Wednesday, 1 February 2017

February 2012: the joys of butter



Butter is delicious. Not only that, it is vital for our wellbeing.
Why then are we always told the opposite?
A lot of money is made in the butter replacement industry, and some of that is being spent on persuading doctors, nutritionists and consumers that low-fat, polyunsaturated 'spreads' are best for us.
Let me tell you about fats.

Saturated fat is supposed to be bad, but at least our body at least knows what to do with it: it's eventually burned for energy (which is why exercise is important).

Polyunsaturates are indeed good for you: they let your cells to eat and breathe, so they're critical for health. Unfortunately, that only applies to natural oils, in their natural state.
When natural oils are refined and hydrogenated, they become trans fats. Trans fats don't exist in nature and your body does not know what to do with them. So they act as poisons: they take the place of fats your body needs, and inhibit the work normally done by natural unsaturated fats. Even at home, when you heat vegetable oil, particularly in a microwave, it changes into trans fat. [1]

Butter is a completely natural food essential to your health. Margarine, on the contrary, is made from chemically processed vegetable oils which have generally been bleached, coloured, deodorised and flavoured to make them more or less edible. [2]
Don't succumb to commercial interests telling you what to eat. Try and include a variety of naturalunrefined, oils and fats into your diet. They will supply you with essential fatty acids for longevity, hormone balance, heart health, sharp vision, glowing skin and energy. [3]

Continue to sow early peas and broad beans in mild areas.

Veg: beet, broccoli, brussels, cabbage, carrots, cauliflower, chard, kale, leek, parsnip, pumpkin, rocket, spinach, swede, turnip, celeriac, jerusalem artichokes. Salad leaves, spring greens, chicory, endive, black radish, salsify/scorzonera
Fish: mussels (cheap!), dab, mackerel, cuttlefish, red gurnard, red mullet, whiting, pollack, seabass, cockles, crab, lobster.
Meat: Goose, guinea fowl, venison, mutton,  wood pigeon.  For game recipes etc. see

Read all about  leeks and savoy at
Preheat oven to 200°C. Cut up kale into bite-size pieces, rinse, dry. Toss with olive oil and soy sauce. Put on sheet, bake for 10 mins.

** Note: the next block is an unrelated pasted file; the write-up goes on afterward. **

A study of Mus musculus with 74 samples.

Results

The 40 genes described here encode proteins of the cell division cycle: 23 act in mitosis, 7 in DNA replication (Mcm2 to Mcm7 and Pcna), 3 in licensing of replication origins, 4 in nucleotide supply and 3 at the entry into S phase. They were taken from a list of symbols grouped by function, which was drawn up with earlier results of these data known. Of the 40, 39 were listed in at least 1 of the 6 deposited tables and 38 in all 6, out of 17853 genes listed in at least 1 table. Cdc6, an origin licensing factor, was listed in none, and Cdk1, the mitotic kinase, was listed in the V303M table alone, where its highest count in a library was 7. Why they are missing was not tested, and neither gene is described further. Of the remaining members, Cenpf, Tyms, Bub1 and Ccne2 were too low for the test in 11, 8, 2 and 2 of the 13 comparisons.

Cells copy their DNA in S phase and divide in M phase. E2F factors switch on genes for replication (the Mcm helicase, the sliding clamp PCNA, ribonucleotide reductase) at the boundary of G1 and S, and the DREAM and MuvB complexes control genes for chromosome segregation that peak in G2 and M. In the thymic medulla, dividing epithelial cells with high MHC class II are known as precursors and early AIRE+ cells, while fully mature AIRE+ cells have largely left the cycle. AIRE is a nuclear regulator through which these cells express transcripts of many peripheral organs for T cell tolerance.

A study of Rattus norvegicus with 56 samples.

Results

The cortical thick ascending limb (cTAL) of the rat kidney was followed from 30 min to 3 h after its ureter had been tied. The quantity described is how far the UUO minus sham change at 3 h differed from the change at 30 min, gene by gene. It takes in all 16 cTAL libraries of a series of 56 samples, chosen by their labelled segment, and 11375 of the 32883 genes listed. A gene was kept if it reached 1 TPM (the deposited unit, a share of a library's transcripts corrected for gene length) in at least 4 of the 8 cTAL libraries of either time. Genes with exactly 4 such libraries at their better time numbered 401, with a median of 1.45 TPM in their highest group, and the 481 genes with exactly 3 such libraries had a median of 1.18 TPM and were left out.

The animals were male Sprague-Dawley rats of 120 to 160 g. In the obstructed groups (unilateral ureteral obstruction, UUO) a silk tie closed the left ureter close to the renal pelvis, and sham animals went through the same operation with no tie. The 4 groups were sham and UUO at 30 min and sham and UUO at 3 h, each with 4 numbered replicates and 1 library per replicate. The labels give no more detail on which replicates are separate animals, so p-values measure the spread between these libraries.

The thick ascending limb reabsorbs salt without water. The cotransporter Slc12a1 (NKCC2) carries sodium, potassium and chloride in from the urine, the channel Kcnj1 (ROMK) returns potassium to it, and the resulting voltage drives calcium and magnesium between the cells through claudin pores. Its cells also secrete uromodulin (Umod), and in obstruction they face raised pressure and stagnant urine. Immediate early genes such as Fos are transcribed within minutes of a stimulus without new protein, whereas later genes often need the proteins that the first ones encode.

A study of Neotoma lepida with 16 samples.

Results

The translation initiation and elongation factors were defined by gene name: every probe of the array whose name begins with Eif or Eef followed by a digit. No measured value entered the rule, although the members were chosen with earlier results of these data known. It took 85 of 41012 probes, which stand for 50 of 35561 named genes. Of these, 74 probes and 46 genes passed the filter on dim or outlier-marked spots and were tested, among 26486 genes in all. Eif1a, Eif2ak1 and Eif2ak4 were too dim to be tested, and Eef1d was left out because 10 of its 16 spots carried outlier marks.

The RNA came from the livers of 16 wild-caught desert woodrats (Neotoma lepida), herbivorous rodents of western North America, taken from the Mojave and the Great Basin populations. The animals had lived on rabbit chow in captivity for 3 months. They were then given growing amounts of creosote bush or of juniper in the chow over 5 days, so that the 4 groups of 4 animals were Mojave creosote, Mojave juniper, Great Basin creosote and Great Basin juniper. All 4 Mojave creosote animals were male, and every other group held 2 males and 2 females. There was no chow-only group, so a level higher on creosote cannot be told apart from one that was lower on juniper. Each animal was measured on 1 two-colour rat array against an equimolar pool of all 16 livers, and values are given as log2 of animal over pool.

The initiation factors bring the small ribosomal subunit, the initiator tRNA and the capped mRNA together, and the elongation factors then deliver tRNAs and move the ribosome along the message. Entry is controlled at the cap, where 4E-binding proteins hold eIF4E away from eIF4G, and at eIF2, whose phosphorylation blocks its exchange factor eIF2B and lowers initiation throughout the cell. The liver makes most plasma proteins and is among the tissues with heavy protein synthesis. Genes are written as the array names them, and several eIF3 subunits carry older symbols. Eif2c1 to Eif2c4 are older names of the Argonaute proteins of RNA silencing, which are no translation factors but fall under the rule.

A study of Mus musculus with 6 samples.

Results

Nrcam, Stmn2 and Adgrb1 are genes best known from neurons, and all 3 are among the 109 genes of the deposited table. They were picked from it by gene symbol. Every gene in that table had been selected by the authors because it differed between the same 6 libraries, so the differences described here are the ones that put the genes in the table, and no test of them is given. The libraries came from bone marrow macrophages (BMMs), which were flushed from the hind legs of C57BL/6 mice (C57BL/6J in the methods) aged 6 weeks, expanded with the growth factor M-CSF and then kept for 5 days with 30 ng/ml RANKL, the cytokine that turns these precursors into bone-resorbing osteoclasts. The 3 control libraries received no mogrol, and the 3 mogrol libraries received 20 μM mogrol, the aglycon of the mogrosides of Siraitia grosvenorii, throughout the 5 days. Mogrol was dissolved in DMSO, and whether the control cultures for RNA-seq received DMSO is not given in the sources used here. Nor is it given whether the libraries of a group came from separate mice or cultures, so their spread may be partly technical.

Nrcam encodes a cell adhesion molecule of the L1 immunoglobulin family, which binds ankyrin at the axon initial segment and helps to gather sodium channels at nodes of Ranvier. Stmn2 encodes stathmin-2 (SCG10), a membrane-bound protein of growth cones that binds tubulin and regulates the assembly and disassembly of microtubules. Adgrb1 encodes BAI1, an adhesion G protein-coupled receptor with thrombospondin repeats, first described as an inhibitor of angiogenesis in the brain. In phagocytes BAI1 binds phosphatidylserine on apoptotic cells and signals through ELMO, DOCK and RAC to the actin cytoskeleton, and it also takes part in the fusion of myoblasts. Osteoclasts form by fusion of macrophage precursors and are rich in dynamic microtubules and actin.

FRIED KALE with SESAME and GARLIC, serves 3.
200g kale, 2 tblsp sesame seeds, olive oil, 3 finely sliced garlic cloves, sea salt, pepper, lemon juice.
Chop kale into 1cm wide ribbons, discarding stringy stems. Toast seeds until golden, stirring often. Turn up the heat, add 2 tblsp of olive oil before throwing in the kale. Stir, occasionally flicking in some water to keep the moisture content up. After 2 mins, throw in garlic. Keep stirring for 3 more mins, until the garlic begins to brown. Transfer to plate and sprinkle with some salt, pepper and lemon juice. Good with roast chicken and goose.

Floury potatoes, sprouts and/or sprout tops, onion, spring onions, butter, (mustard).
Cook potatoes. Coarsely shred sprout(top)s. Slice onions thickly. Cook onions and sprout(top)s in a thin layer of water in a covered frying pan, for 3-4 mins. Remove lid. When remaining water is evaporated add butter and fry some more. Mash potatoes with hot milk and butter. Season with salt, peper and the mustard if you fancy. Add thinly sliced spring onions, stir-fried sprouts and mix.
This goes very well with:

450g peeled cleaned squash, 3 chopped slices of bacon, 1/4 tsp. salt, 1/4 tsp coarse ground black pepper. 
Saute bacon until crisp, remove from pan. Leave drippings in the pan. Add squash, season, saute until  soft and turning brown around the edges. Before serving, add bacon again.

Cook brussels sprouts with some crumbled chestnuts, then mix with butter, crispy bacon, some garlic, nutmeg, finely chopped rosemary and pepper.

SWEDE-APPLE SOUP, serves 3-4.
500g swede, 1 tbsp butter, 1 onion, 1 cubed apple, 1/2 l water, 70ml cream or milk, salt, pepper, paprika, dill if you have it.
From the swede cut 12 sticks 3cmx5mm. Cube the rest. Fry the sticks in butter, stirring until golden. Remove and set aside on paper to drain. Fry the chopped onion lightly in the same butter. Add the apples, water and swede cubes; bring to the boil. Cover and simmer until very soft, then puree. Stir in the cream or milk; add more liquid if it gets too thick. Season. Sprinkle the sticks with salt and place some on each serving. Garnish with paprika, or for a change try chopped apple, yoghurt or sour cream.

ROOTY MASH,  serves 4. You don't have to stick to three roots: you could use 2 or 4. But do include potatoes, to give it body.
500g carrots, 500g parsnips, 500g floury potatoes, 50g butter, 100ml warm milk, salt, pepper
Chop carrots parsnips and potatoes into evenly sized chunks. Put in boiling, lightly salted water, simmer for 20 mins. Drain, leave to steam dry. Mash everything (never put potatoes in the blender - they go gluey), with the butter. Add milk to make a smooth mash. Serve steaming hot with sausages

625g fresh spinach or 450g thawed frozen spinach, 900g butternut squash, 1/2 small chopped onion , 2 minced garlic cloves, 3/4 tsp salt, pepper, nutmeg, 120ml heavy cream, butter, grated cheese.
If using fresh spinach, boil 1" water, add spinach a few handfuls at a time: cook stirring until wilted, drain. Squeeze cooked/thawed spinach, chop. Cook onion and garlic in butter till soft. Add onion mixture to spinach with salt, pepper, nutmeg and cream. Preheat oven to 200°C. Cut peeled squash into 3mm slices. Layer squash and spinach mix in buttered dish, using 1/5 of squash and 1/4 of spinach for each layer, beginning and ending with squash. Sprinkle with cheese, dot with butter, cover. Bake until squash is tender, 25 mins. Uncover and bake until browned.

See also:, and
[3] See also and if you like,
NEXT MONTH: Let food be thy medicine.